Ron Paul's plan. I know.....I could hardly believe my eyes and I thought maybe it was some kind of snark piece....but upon further reading, it actually sounds pretty good.
From the New Republic:
Representative Ron Paul has hit upon a remarkably creative way to deal with the impasse over the debt ceiling: have the Federal Reserve Board destroy the $1.6 trillion in government bonds it now holds. While at first blush this idea may seem crazy, on more careful thought it is actually a very reasonable way to deal with the crisis. Furthermore, it provides a way to have lasting savings to the budget.
Now admittedly, I've never been real informed as to what our Fed actually does - I know that one of their jobs is inflation management along with employment. I am hoping that people that are more familiar with this institution could weigh in on if this is even possible....sure would be better than the nuclear option being bandied about.
The basic story is that the Fed has bought roughly $1.6 trillion in government bonds through its various quantitative easing programs over the last two and a half years. This money is part of the $14.3 trillion debt that is subject to the debt ceiling. However, the Fed is an agency of the government. Its assets are in fact assets of the government. Each year, the Fed refunds the interest earned on its assets in excess of the money needed to cover its operating expenses. Last year the Fed refunded almost $80 billion to the Treasury. In this sense, the bonds held by the Fed are literally money that the government owes to itself.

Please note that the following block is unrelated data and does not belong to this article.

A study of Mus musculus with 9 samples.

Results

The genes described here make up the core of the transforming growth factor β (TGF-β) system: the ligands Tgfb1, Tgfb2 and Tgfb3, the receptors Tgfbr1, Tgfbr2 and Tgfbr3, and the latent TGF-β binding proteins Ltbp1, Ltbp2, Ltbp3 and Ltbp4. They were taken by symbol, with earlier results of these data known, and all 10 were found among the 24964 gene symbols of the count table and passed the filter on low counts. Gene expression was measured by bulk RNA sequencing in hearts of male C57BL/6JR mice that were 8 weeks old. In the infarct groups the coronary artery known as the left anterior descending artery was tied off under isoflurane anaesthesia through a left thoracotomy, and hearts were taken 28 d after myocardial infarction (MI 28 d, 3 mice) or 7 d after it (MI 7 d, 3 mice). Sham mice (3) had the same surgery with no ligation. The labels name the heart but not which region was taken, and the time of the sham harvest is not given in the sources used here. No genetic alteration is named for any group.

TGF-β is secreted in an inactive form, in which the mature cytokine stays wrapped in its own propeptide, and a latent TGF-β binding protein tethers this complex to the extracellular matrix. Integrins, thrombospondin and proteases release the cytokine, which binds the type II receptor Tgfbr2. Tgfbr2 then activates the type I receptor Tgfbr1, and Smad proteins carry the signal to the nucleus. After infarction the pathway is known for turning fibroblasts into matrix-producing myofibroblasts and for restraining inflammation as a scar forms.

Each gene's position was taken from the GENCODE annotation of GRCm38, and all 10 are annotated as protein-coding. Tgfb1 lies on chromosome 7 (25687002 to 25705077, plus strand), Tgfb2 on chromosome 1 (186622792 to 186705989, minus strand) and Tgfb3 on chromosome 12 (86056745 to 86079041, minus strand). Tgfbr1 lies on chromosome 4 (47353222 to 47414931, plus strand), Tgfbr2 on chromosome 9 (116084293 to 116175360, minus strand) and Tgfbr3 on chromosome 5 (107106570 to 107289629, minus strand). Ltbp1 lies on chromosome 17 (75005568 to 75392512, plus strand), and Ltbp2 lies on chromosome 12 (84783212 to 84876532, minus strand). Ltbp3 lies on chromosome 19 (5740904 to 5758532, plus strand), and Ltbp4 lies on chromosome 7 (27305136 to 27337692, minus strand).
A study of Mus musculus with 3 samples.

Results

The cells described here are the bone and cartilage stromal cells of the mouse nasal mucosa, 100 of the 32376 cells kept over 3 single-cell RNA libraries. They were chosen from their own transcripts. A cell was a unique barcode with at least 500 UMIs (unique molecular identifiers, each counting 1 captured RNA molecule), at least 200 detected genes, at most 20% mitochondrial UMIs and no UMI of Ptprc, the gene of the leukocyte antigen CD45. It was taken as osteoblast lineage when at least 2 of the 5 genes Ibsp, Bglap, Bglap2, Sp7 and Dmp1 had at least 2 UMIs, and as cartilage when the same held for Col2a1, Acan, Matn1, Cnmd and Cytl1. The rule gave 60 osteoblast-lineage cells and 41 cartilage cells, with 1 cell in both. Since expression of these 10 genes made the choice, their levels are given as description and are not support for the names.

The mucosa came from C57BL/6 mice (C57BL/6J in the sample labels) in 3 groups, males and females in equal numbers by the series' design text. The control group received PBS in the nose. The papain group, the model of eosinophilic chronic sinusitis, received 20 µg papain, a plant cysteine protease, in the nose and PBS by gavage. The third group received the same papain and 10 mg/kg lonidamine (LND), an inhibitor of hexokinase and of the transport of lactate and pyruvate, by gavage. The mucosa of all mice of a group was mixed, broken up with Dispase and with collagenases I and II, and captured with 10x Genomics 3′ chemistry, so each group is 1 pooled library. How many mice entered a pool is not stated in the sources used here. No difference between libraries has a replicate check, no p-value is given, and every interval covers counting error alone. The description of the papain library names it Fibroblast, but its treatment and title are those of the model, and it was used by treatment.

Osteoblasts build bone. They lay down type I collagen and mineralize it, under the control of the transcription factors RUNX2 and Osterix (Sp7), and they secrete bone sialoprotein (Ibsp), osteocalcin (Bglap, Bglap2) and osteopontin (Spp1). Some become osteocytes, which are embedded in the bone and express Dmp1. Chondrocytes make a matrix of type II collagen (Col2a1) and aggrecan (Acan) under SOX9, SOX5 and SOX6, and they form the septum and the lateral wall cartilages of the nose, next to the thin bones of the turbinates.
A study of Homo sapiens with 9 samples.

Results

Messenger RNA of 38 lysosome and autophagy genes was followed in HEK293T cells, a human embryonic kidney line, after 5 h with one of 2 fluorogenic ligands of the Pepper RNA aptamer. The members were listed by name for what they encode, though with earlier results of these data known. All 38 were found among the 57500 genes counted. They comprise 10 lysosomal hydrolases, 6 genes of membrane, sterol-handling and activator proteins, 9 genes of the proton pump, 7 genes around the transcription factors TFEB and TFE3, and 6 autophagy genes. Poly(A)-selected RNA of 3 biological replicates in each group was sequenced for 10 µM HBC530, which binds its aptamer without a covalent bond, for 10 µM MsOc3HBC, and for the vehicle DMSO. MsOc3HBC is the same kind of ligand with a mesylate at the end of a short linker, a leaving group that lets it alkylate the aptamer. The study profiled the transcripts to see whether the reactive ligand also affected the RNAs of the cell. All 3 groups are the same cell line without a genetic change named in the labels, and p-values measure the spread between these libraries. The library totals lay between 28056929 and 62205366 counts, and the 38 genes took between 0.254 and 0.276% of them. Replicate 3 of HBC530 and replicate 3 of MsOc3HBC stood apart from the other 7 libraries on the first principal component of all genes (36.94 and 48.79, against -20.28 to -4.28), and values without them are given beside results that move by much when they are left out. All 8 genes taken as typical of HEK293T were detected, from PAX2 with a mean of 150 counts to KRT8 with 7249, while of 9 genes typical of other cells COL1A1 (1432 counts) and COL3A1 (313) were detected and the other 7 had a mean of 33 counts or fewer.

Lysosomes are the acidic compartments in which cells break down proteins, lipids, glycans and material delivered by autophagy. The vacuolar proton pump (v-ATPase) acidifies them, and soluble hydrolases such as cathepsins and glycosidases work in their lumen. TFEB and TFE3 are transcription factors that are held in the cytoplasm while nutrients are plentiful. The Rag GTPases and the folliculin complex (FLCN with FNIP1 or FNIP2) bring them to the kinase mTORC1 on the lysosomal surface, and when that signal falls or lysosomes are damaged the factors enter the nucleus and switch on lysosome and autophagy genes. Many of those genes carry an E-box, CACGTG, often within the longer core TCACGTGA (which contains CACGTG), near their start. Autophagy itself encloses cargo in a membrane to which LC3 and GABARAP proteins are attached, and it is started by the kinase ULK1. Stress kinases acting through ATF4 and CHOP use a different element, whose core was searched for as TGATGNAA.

Unlike the debt held by Social Security, the debt held by the Fed is not tied to any specific obligations. The bonds held by the Fed are assets of the Fed. It has no obligations that it must use these assets to meet. There is no one who loses their retirement income if the Fed doesn’t have its bonds. In fact, there is no direct loss of income to anyone associated with the Fed’s destruction of its bonds. This means that if Congress told the Fed to burn the bonds, it would in effect just be destroying a liability that the government had to itself, but it would still reduce the debt subject to the debt ceiling by $1.6 trillion. This would buy the country considerable breathing room before the debt ceiling had to be raised again. President Obama and the Republican congressional leadership could have close to two years to talk about potential spending cuts or tax increases. Maybe they could even talk a little about jobs.
There is another interesting article up at the NR that argues the point of no possible way the republican congress will ever pass a budget that contains even one tax cut. Which means that all of us wringing our hands and gnashing our teeth at the supposed "Grand Deal" may be a waste of stress.